In a flash, it was gone. New Zealand boldly dared to dream of a rare test win at Lord's but in the space of one horror hour it became a nightmare.
Requiring 239 to beat England after an outstanding 10-wicket match haul by Tim Southee, New Zealand were right in their chase - for about five overs.
Then the lanky figure of Stuart Broad awoke to produce one of his rare, unplayable spells and New Zealand’s batsmen were frozen to the spot.
The tourists folded for 68 in 22.3 overs as England cantered to a 170-run victory leaving skipper Brendon McCullum standing in Lord's outfield trying to make sense of a horror hour, only matched by the first morning at Cape Town in January.
"It’s pretty tough to explain at this point. For so long in this game we were up with the play and at times we were dictating terms," he said.
"Within an hour the game turned on its head and England continued to grow in confidence as they kept picking up regular wickets. Our confidence started to subside and the difference between the two teams came down to that one hour of madness."
With England paceman Broad breathing fire and hauling in 7-44, New Zealand were skittled for 68.
Their chase for what appeared a very gettable 239 to win lasted just 114 minutes, ending an absorbing, seesawing test in the most brutal circumstances, midway through the fourth day.
When McCullum was lbw to Broad for eight, his second failure of the test, New Zealand staggered to lunch on 29-6, their chase over.
It revived memories of the collapse for 45 against South Africa in January, albeit in the first innings rather than the fourth.
"There was plenty of calm about the guys in the changing room and we weren't able to transfer that out to the middle. We've had many of these experiences before and I think we've put distance between the last time we felt this sort of pain," McCullum said.
“We've taken some significant steps forward in the last little while but today was undoubtedly a step backwards."
McCullum said the batsmen shouldered some of the blame but he paid tribute to Broad who bowled full and fast.
"You’ve got to give credit where credit’s due and Stuart Broad’s spell of bowling was high class. He swung the ball beautifully, he was able to get the odd ball to hold its line up the slope and his lengths were impeccable. He bowled at reasonable pace as well and we weren’t able to work out a way to get through it."
The question is now, what kind of psychological damage this causes to New Zealand heading into Friday's second and final test at Leeds.
Memories of the Cape Town collapse for 45 in January had almost faded. This pavilion procession revived them as New Zealand slumped to 29-6 at lunch, with Broad taking five of the first six.
First innings standout James Anderson was reduced to bit-part player as only two bowlers were required.
It was a mixture of outstanding swing bowling, poor shot selection and the gravity of the situation as New Zealand eyed their second test win at Lord’s, 14 years after their first.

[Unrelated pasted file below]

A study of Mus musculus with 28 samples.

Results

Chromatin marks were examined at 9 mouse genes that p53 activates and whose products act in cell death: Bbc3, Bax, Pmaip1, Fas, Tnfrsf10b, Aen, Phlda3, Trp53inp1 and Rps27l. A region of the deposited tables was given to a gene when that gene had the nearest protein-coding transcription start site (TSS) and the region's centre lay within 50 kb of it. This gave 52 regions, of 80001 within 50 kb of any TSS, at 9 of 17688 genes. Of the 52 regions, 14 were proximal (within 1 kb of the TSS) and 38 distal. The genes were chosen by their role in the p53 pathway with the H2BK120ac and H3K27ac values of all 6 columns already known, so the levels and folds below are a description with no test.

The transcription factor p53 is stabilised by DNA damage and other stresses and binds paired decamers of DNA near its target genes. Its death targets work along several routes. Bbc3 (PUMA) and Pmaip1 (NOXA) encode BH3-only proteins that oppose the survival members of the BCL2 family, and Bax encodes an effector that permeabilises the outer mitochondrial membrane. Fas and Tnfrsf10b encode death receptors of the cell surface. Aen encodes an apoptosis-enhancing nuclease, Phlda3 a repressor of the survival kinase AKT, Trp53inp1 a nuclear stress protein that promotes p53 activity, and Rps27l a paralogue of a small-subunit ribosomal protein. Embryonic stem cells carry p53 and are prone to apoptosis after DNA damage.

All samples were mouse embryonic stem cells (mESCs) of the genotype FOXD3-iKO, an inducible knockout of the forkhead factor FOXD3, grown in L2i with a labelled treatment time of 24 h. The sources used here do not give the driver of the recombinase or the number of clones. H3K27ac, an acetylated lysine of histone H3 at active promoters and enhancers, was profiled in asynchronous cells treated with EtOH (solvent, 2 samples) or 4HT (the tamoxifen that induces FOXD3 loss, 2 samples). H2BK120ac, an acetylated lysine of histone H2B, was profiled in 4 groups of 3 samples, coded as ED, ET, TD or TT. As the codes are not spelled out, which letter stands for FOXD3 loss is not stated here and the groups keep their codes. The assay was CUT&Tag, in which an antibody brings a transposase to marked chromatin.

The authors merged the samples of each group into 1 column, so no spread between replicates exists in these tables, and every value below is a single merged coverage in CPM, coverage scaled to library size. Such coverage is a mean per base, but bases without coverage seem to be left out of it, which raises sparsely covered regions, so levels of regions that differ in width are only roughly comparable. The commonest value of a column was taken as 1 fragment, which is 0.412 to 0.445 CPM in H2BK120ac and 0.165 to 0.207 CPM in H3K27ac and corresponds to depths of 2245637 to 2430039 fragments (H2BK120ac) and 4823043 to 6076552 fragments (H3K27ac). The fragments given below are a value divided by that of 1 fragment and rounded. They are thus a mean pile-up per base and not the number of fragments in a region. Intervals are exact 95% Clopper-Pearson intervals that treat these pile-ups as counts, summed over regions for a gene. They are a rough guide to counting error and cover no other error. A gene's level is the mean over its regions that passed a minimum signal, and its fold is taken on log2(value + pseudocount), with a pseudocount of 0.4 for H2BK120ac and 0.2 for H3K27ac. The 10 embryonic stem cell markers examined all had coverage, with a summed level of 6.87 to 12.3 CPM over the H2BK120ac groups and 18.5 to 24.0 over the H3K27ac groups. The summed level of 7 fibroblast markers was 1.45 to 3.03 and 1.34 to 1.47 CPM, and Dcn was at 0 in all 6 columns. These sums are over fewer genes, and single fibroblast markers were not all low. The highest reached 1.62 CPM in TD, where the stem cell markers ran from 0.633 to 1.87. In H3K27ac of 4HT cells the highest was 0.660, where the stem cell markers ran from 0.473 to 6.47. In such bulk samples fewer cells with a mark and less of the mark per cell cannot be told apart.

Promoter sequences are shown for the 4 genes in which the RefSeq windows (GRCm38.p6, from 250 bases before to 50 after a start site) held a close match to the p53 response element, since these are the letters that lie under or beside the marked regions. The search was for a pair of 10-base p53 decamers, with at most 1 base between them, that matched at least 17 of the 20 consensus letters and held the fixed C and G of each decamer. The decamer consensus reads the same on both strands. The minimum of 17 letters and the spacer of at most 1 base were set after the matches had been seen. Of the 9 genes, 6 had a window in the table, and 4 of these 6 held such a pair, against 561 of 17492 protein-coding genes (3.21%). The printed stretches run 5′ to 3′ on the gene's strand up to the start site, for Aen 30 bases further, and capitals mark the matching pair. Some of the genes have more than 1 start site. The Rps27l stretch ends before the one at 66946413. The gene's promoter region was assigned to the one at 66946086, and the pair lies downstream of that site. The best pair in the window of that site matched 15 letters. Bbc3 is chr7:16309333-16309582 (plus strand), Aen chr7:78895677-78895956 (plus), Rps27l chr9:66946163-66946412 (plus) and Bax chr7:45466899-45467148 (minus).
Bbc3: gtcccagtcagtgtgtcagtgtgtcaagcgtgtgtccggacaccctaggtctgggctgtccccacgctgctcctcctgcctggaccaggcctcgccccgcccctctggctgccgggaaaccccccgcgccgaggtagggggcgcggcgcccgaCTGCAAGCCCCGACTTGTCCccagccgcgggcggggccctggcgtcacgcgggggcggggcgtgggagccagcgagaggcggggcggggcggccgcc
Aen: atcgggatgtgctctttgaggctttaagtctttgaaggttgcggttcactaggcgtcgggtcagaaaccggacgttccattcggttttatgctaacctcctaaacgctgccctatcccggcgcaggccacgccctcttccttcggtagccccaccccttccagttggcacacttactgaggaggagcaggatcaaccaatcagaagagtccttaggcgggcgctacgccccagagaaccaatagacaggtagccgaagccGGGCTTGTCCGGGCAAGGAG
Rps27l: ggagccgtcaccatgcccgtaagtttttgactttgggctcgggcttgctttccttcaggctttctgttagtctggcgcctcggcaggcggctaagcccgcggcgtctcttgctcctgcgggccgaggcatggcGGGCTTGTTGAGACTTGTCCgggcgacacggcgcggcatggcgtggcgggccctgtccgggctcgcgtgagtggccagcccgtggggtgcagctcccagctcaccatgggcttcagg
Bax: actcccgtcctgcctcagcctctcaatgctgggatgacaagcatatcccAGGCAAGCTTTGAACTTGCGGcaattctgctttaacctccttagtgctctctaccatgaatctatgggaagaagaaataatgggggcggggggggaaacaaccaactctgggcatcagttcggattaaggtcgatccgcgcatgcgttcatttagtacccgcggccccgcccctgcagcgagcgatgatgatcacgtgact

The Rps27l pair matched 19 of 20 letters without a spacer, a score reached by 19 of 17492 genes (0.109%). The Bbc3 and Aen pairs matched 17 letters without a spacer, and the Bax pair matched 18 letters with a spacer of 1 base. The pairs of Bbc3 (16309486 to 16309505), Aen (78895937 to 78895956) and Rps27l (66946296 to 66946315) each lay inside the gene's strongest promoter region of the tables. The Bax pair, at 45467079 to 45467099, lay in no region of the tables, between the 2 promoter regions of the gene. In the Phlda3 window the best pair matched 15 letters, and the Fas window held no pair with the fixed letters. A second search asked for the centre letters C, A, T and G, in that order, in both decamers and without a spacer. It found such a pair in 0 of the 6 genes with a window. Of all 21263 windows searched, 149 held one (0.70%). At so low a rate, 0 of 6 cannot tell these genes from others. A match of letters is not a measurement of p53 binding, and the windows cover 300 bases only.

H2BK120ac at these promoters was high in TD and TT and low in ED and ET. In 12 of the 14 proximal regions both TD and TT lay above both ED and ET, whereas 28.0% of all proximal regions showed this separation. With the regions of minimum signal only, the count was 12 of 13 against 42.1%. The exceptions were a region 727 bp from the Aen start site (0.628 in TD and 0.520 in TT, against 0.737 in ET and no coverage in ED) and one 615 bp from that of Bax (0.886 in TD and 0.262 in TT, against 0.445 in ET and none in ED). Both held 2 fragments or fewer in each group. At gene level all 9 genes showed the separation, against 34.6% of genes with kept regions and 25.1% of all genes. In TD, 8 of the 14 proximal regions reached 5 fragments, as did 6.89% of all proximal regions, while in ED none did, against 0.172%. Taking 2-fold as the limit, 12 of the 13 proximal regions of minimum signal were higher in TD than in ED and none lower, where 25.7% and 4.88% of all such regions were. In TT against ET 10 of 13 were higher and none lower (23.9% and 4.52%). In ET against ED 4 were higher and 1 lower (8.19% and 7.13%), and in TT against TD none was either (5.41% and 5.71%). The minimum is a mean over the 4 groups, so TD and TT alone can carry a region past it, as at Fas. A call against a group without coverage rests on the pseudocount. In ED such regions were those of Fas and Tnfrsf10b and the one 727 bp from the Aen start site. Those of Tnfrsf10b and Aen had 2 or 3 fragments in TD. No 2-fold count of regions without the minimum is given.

They'd done so much hard work to stare down a gettable target as home fans shifted nervously in their seats.
But the chase was over almost before it had begun.
Opener Peter Fulton completed a forgettable first appearance at Lord’s when he hung the bat out to one he should have left.
Hamish Rutherford got his second unplayable delivery in as many innings then Ross Taylor lasted just two deliveries before he sparred at Broad.
The slide was on and there was an inevitable air to it, with no one having the ability or fortitude to haul the innings up by the scruff of the neck.
New Zealand staggered past their lowest total at Lord’s, 47 in 1958, but the end was nigh.
It ended in comedy, too, as topscorer Neil Wagner (17) was run out and being dropped on the boundary.
But despite the loss it wasn't a completely hopeless experience for the Black Caps.
There were positives to cling to, particularly the bowling where Tim Southee had his name etched on the Lord's honours board with his second innings 6-50 to give him 10 wickets for the match.
Trent Boult and Wagner were excellent foils as the New Zealand pace attack continued to cause problems for England's batting lineup.
"I'm obviously pretty gutted with the result and that personal achievement will sink in later on. It was a special moment coming off and walking through the members' area. It's something to dream of and it's a moment I'll remember forever," said Southee as he became the first New Zealand paceman since Chris Cairns in 1999 to make the coveted honours board.
There are also injury concerns for New Zealand, with spinner Bruce Martin (calf strain) almost certain to miss the second test and gloveman BJ Watling (bruised knee) in serious doubt.
Both batted in serious discomfort, with no runners permitted in international cricket now.
Paceman Doug Bracewell and batsman Martin Guptill appear likely to come in if both are ruled out, with McCullum the most likely wicketkeeper. Tom Latham is another option to take the gloves if McCullum plays as a batsman.
Two wildcard selections are Daniel Vettori and Luke Ronchi, who arrive with the one-day squad on Wednesday. That may be too late for them to be considered, and Vettori played his last first-class match in July, but McCullum didn’t rule anything out.
"There's plenty of different options we have to look at. It's important to note that batters have done a very good job for us in the most recent test matches. I totally believe in this group of players and just because of one poor batting performance it's not panic stations."